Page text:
Potholes are a popular item for discussion around this time of the year: the first hard frosts and persistent rain bring about an explosion of these obstacles on our roads with a regularity that is now an acceptable fact of life.
A twenty mile journey on a local A road that I had to make in pretty awful conditions highlighted the true state of potholes in this area and I suspect everywhere else. Constant neglect of our road system and the temporary repair ideology that all councils adopt in the name of cut backs has left the road I traveled on looking in large parts like a cross between the Nairobi – Mombasa highway - anyone who has traveled on that will know what I mean - and no-man's-land in the Somme. The endlessly refilled potholes had as one succumbed to the cold and wet and scattered their collective innards all over the highway leaving an assortment of craters to be avoided.
This annual farce forced upon the populace by hand-wringing local government officials as an inevitable consequence of “cuts” is, as has been pointed out by those who really know about such things, nothing more than money down the drain, as the temporary repairs last for ever shorter spans. We have one at a small road junction nearby that has been filled three times this year alone, showing the cost of the short-sighted approach to this and all the other infrastructure defects in this country.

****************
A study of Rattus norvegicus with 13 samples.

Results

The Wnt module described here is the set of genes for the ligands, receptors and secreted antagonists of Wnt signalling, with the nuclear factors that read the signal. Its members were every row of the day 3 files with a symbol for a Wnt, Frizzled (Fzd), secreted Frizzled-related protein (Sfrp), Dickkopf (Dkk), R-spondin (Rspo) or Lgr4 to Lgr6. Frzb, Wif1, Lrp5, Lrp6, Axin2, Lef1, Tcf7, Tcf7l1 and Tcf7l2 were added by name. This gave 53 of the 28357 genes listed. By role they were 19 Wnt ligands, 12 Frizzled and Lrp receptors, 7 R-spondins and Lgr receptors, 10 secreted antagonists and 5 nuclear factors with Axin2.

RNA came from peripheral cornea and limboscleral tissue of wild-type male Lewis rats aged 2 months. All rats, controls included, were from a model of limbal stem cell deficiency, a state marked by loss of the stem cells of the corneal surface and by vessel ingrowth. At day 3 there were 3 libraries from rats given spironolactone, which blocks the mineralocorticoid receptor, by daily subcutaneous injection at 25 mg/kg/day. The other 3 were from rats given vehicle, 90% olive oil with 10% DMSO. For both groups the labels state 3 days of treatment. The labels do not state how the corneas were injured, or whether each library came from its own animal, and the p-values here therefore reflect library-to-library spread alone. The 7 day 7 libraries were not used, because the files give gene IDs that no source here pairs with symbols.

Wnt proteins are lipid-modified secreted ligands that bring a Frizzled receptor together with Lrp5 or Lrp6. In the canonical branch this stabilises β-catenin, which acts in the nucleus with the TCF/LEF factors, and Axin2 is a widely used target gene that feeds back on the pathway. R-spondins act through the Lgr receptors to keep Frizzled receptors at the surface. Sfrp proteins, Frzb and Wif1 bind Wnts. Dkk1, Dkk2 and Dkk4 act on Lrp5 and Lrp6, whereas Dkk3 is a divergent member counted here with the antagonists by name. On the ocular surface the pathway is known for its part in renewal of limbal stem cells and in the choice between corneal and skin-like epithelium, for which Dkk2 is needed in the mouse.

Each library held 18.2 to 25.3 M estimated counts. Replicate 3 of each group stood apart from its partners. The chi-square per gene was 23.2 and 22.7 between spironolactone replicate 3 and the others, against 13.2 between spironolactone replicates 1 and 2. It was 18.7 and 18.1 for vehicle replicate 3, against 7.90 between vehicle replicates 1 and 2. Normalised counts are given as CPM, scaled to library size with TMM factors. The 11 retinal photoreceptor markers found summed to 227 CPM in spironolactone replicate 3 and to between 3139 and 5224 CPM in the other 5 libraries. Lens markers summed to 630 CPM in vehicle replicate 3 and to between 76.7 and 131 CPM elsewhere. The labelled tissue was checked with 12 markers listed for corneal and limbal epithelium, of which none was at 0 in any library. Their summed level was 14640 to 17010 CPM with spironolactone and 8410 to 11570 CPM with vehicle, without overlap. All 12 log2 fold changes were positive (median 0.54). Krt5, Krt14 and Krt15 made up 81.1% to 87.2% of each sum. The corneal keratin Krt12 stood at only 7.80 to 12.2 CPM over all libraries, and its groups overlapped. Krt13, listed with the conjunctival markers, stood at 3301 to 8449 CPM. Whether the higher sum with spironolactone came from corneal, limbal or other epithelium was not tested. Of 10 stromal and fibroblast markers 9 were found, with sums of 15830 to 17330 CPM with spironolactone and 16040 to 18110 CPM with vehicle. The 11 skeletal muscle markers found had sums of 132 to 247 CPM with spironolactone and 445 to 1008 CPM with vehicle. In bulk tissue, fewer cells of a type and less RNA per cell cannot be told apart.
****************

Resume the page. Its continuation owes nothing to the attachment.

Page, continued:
A good resurfacing will last without further maintenance for a predictable time if the work has been properly carried out, and so the costs can be reliably approximated. Continually employing people to fill ever more potholes is a waste of taxpayers' money as eventually the road will have to be resurfaced at greater cost than originally due to excess damage, and the refilling money has to be added to that.
Anybody coming back from a continental trip can see the disparity between our road infrastructure and that abroad and the gap in the quality is growing apace, year by year .
I suspect the government is fully aware of the problem but successive governments have failed to do anything meaningful about it and now the cost has reached a prohibitive level, such is the problem unless toll roads are introduced (and they are not coming anytime soon, but will come as necessity demands.) No political party wants to be “unpopular”- which is rather funny considering none of them are popular - and they will kick the can down the road as long as possible, until perhaps another party has to deal with it as they do with everything else.
In Africa you get enterprising men who stand by the badly potholed roads with a large pile of gravel, and if you give them a small amount of cash they will fill a few holes; perhaps a cottage industry on those lines could be started up here !
If the trend in neglect continues will we all have to fit monster truck tyres to our family cars in order to navigate the ever increasing number and size of these craters? Will the I-Spy books make a come back with "I-Spy the biggest pothole"? Will they become part of our national heritage and demand national treasure status, perhaps even an AA * star grading? All is possible, for certainly they are not going away.